Cholesterol, often stigmatized for its role in heart disease, has long been known to be essential for the health of the fat-laden membranes that surround individual cells. New findings by researchers at UT Southwestern Medical Center highlight a novel role for cholesterol inside the cell itself - anchoring a signaling pathway linked to cell division and cancer.
These findings appear in the March 4 issue of Science and are available online.
"Cell signals have to be tightly controlled," said Dr. Richard G.W. Anderson, chairman of cell biology and senior author of the study. "If the signaling machines do not work, which can happen when the cell doesn't have enough cholesterol, the cell gets the wrong information, and disease results."
The cell membrane, which is fluid in nature, contains cholesterol. Dr. Anderson's research focuses on regions of the membrane where cholesterol is enriched. These regions, called lipid domains, are more rigid than the rest of the cell membrane because of cholesterol and play a critical role in organizing signaling machinery at the cell surface. The correct arrangement of signaling modules in these domains is vital for communication inside the cell and is dependent on proper levels of cholesterol.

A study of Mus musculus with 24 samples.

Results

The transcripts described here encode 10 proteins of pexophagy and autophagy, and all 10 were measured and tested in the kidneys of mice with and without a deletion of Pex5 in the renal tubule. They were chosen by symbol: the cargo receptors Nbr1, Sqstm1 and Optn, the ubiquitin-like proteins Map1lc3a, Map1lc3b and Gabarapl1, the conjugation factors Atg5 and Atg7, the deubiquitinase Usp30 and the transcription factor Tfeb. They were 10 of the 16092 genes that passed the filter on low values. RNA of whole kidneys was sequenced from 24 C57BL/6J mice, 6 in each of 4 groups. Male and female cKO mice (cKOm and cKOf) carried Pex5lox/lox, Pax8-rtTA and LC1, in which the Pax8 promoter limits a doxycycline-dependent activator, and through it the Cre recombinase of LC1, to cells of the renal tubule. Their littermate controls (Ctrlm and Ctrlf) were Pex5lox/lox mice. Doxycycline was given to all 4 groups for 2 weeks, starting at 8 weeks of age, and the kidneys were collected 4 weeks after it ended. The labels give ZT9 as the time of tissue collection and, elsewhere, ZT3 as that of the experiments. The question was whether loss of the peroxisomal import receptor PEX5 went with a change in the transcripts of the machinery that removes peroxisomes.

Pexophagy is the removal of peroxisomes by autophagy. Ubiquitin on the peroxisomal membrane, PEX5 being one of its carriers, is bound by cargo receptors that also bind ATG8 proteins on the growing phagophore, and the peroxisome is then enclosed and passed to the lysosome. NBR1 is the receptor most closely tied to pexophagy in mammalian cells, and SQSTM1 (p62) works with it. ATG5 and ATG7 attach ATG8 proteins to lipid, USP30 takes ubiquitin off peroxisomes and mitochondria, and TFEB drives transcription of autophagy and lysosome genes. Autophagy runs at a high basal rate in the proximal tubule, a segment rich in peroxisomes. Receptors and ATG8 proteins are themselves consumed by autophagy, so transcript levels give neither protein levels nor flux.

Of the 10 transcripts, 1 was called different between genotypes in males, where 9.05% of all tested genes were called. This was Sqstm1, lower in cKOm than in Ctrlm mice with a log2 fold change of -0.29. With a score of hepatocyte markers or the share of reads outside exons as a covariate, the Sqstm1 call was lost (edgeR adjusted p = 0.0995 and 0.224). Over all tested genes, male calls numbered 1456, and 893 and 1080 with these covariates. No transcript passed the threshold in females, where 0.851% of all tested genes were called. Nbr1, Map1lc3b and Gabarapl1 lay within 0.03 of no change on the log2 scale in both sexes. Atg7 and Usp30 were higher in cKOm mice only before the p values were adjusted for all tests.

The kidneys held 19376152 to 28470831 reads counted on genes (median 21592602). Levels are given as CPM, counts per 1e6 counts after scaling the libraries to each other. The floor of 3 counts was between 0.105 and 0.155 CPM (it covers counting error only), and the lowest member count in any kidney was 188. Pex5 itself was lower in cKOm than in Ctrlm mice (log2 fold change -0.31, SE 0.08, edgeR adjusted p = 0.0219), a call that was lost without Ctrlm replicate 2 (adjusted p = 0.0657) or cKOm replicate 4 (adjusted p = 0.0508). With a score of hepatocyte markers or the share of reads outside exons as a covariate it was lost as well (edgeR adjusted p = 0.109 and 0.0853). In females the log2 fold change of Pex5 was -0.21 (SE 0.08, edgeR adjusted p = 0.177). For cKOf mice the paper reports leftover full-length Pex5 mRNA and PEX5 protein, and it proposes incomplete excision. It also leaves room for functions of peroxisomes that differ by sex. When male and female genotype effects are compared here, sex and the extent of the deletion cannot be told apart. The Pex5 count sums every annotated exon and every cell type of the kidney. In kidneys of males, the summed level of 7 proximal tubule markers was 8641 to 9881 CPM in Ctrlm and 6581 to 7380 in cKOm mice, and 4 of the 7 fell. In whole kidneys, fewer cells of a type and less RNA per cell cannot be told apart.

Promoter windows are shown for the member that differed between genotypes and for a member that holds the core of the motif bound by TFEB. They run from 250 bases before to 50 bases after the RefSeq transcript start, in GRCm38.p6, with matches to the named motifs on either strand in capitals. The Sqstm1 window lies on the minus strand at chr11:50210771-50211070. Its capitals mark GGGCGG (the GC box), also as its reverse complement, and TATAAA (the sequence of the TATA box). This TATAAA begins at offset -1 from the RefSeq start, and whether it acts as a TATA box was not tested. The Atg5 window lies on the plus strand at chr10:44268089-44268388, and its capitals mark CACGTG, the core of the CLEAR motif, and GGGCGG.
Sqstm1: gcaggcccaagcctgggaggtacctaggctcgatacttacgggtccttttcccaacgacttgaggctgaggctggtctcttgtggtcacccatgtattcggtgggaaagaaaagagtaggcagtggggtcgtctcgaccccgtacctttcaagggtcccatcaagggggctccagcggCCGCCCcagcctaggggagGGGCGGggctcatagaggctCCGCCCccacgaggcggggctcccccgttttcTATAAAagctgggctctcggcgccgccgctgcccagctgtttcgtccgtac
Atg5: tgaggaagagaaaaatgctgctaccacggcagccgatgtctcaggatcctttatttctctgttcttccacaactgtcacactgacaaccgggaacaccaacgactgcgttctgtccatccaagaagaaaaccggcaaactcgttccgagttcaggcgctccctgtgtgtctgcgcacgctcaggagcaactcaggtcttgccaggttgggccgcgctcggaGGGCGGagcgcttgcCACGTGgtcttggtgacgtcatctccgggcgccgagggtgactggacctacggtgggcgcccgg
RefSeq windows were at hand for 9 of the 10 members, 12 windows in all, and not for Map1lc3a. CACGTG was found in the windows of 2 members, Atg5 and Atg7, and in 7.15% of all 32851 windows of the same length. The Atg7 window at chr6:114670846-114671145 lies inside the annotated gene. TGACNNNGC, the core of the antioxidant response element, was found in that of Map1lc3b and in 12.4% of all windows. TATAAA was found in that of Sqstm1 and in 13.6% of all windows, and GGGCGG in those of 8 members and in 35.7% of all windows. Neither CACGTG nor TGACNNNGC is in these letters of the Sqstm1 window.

While studying how cholesterol moves to the membrane to get to lipid domains, Dr. Anderson, who holds the Cecil H. Green Distinguished Chair in Cellular and Molecular Biology, and colleagues found that cholesterol can work outside the membrane to regulate a key signaling pathway that occurs inside the cell. Through an interaction with a protein called the oxysterol binding protein (OSBP), cholesterol holds together a group of enzymes that deactivates extracellular signal-related kinase (ERK). Overactive ERK is associated with multiple cancers.
When the amount of cholesterol in lipid domains is normal, the OSBP-cholesterol complex keeps the amount of active ERK under control. When cholesterol in the domains gets too low, however, the complex falls apart, leading to abnormally high levels of active ERK.
Dr. Anderson and colleagues noticed that OSBP has binding sites for both cholesterol and the other proteins in the complex. They believe that when cholesterol binds OSBP it changes shape to bind the key enzymes in a way that allows them to work together to control deactivation of ERK. When lipid domain cholesterol gets low, OSBP loses its cholesterol and no longer is able to bind the enzymes that deactivate ERK, keeping it active.
"OSBP appears to work like a cholesterol-regulated scaffolding protein that controls a key signaling pathway," Dr. Anderson said "This work shows a new way that lipids can regulate key signaling pathways and raises the possibility that other lipid regulated signaling scaffolds can malfunction in other diseases."
Other UT Southwestern contributors to the study were Dr. Jian Weng, assistant professor of cell biology, and Dr. Ping-Yuan Wang, postdoctoral researcher in cell biology and lead author.
This work was supported by the National Institutes of Health and the Perot Foundation.